Egg-regious Errors in Chicken Logic

By David L. Brown

It is being claimed that one of the most pressing questions of the ages has been answered—albeit without scientific rigor and in order to promote the release of a new Disney cartoon movie.

Addressing the major scientific issue of which came first, the chicken or the egg, a panel of eggsperts have concluded that the egg had to come first. Star Phoenix Base doesn’t think this is egg-sactly right, but first here is the main story as reported on CNN.com today:

LONDON, England — It’s a question that has baffled scientists, academics and pub bores through the ages: What came first, the chicken or the egg?

Now a team made up of a geneticist, philosopher and chicken farmer claim to have found an answer. It was the egg.

Put simply, the reason is down to the fact that genetic material does not change during an animal’s life.

Therefore the first bird that evolved into what we would call a chicken, probably in prehistoric times, must have first existed as an embryo inside an egg.

Professor John Brookfield, a specialist in evolutionary genetics at the University of Nottingham, told the UK Press Association the pecking order was clear.

The living organism inside the eggshell would have had the same DNA as the chicken it would develop into, he said.

“Therefore, the first living thing which we could say unequivocally was a member of the species would be this first egg,” he added. “So, I would conclude that the egg came first.” Read it all.

Now why would we differ with this conclusion? We’re not generally inclined to just go along with the rest of the flock, so we decided to peck out the alternatives, refusing to put all of our theoretical eggs in one basket so to speak. Of course, it is always difficult to gauge the distant past, to an era when the chicken was merely a twinkle in Col. Sanders’ eye. But let us give it a try.

First, Prof. Brookfield uses false logic in assigning a “pecking order” to this question, since only chickens, not eggs, are capable of pecking. This pun-ishing approach to a serious question is obviously intended to confuse the issue.

But he is wrong on a much more serious level, for he says “the first bird that evolved … must have first existed as an embryo inside an egg.” This is an egg-regious error in logic, so pardon us if we squawk about it.

As the good Professor admits, no animal is likely to change while gestating inside an egg! He claims that demonstrates that the egg came first, but that not only flies in the face of the facts, it stands up on the barn roof and crows with indignation. We propose that Dr. Brookfield has hatched a misguided theory in the interests of gaining publicity for himself and the Disney moviemakers.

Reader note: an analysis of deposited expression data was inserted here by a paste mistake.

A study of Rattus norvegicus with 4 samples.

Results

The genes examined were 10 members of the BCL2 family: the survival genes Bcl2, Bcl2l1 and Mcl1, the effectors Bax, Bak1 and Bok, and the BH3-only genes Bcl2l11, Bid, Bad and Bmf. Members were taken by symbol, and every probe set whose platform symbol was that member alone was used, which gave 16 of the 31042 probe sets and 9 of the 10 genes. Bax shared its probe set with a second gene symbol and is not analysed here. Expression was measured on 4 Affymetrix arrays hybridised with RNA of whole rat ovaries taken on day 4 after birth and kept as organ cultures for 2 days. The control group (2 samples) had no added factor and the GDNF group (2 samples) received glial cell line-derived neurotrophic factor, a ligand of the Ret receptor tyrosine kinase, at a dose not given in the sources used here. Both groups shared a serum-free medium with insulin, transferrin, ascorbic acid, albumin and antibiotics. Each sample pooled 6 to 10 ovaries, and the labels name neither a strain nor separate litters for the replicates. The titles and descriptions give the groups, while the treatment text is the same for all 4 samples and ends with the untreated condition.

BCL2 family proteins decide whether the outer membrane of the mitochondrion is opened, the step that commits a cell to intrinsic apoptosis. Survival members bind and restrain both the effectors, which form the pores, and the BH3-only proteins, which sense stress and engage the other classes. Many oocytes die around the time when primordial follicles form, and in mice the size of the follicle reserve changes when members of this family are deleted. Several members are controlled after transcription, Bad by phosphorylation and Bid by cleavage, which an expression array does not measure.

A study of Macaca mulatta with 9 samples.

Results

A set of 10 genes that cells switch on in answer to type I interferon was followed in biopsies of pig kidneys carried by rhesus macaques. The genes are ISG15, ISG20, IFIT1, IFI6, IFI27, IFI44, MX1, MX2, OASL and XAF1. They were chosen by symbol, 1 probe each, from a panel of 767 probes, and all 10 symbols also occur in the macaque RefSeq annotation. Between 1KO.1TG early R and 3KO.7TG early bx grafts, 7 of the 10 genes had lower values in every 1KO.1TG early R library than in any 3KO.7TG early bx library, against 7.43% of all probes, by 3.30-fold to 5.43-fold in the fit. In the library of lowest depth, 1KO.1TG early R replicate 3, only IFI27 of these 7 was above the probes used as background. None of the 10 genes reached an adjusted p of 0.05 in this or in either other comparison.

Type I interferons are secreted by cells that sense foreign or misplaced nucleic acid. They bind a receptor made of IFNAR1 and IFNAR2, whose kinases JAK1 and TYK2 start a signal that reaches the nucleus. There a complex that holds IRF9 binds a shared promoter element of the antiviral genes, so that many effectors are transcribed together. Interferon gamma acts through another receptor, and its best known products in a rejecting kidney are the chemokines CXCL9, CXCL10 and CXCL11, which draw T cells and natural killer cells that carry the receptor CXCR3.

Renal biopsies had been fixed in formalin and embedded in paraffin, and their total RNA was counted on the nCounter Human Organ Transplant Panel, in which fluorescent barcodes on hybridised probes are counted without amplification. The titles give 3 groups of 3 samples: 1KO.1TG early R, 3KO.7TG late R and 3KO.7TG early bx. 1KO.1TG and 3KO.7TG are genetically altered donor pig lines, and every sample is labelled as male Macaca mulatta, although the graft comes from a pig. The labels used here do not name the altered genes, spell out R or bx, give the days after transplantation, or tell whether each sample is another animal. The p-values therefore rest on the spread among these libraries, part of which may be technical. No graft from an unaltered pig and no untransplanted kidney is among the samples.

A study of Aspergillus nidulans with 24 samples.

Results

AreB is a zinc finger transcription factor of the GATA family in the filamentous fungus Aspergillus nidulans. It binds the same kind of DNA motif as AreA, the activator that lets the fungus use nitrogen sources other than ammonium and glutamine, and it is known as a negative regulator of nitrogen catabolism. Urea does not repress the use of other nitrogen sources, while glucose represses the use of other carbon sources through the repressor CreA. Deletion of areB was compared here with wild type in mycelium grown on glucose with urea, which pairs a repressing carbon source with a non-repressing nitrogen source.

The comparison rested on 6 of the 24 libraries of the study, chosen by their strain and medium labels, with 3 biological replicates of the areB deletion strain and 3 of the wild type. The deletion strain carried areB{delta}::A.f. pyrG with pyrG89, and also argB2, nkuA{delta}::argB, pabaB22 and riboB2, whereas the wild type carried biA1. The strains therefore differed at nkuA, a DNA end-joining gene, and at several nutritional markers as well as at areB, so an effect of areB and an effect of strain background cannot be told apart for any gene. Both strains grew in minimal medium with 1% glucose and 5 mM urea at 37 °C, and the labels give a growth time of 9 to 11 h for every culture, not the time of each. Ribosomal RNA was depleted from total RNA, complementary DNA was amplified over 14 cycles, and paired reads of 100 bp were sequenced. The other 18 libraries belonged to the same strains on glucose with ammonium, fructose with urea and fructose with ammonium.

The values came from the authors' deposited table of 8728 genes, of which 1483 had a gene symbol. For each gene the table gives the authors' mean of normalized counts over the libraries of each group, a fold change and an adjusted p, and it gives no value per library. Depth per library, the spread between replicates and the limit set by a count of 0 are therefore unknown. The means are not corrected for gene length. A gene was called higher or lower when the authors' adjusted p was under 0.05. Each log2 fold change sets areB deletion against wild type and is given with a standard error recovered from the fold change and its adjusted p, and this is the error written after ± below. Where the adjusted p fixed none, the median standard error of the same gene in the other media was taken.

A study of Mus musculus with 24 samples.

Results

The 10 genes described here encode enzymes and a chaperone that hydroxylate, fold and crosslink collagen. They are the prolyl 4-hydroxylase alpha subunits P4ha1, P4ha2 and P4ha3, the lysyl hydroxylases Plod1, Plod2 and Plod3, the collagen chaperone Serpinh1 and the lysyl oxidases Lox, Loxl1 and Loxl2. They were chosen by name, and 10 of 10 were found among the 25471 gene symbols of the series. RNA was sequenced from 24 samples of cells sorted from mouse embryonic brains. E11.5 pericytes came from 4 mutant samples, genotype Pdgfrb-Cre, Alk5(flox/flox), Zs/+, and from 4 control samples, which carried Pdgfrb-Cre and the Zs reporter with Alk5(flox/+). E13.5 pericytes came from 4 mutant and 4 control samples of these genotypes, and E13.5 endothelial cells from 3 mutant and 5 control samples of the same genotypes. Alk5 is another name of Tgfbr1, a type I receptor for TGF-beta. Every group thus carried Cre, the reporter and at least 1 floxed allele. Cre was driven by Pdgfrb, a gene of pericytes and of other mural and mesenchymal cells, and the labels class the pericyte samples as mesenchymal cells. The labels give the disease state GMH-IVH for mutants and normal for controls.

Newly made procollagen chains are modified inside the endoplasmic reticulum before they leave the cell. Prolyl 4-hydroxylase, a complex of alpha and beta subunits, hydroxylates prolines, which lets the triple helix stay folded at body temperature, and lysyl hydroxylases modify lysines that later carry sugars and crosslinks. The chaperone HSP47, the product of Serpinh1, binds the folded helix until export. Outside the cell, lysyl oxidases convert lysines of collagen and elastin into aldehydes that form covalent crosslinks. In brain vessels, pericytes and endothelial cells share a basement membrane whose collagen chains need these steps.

As any student of science is aware, evolutionary change takes place through mutation. And, any mutation involved in the chicken-egg process had to have taken place in the parent bird, not the embryo developing inside the egg. Specifically, that mutation had to have taken place in the female that laid the first egg, during her embryonic development.

So, to return to Dr. Brookfield’s statement, the first chicken to hatch from an egg was NOT “the first bird that evolved,” as he states. No, it was the proto-chicken that laid that egg that had evolved, and what had resulted from that evolution was the capability to lay an egg that contained a chicken embryo.

While we agree that the parent of the first chicken would not have been a chicken herself, she would have been the first to bear the newly mutated chicken gene that allowed her to lay and hatch the egg. It is the genes that count, and thus the proto-hen that laid the first true chicken egg was the source of that gene.

Case closed. While you might not be able to call the first creature to lay an egg a chicken, she was the “mother hen” of the entire race of chickens and thus deserving of first place in the order of evolution that has brought us such delights as Chicken McNuggets, Pollo Con Arroz, and Crispy Chicken Fingers. (Oh, wait, chicken fingers haven’t evolved … yet. Sorry.)

Pardon us if we pose another philosophical conundrum of the ages for Dr. Brookfield: How to find a hen’s tooth in a haystack. That ought to keep his mind occupied for quite some time.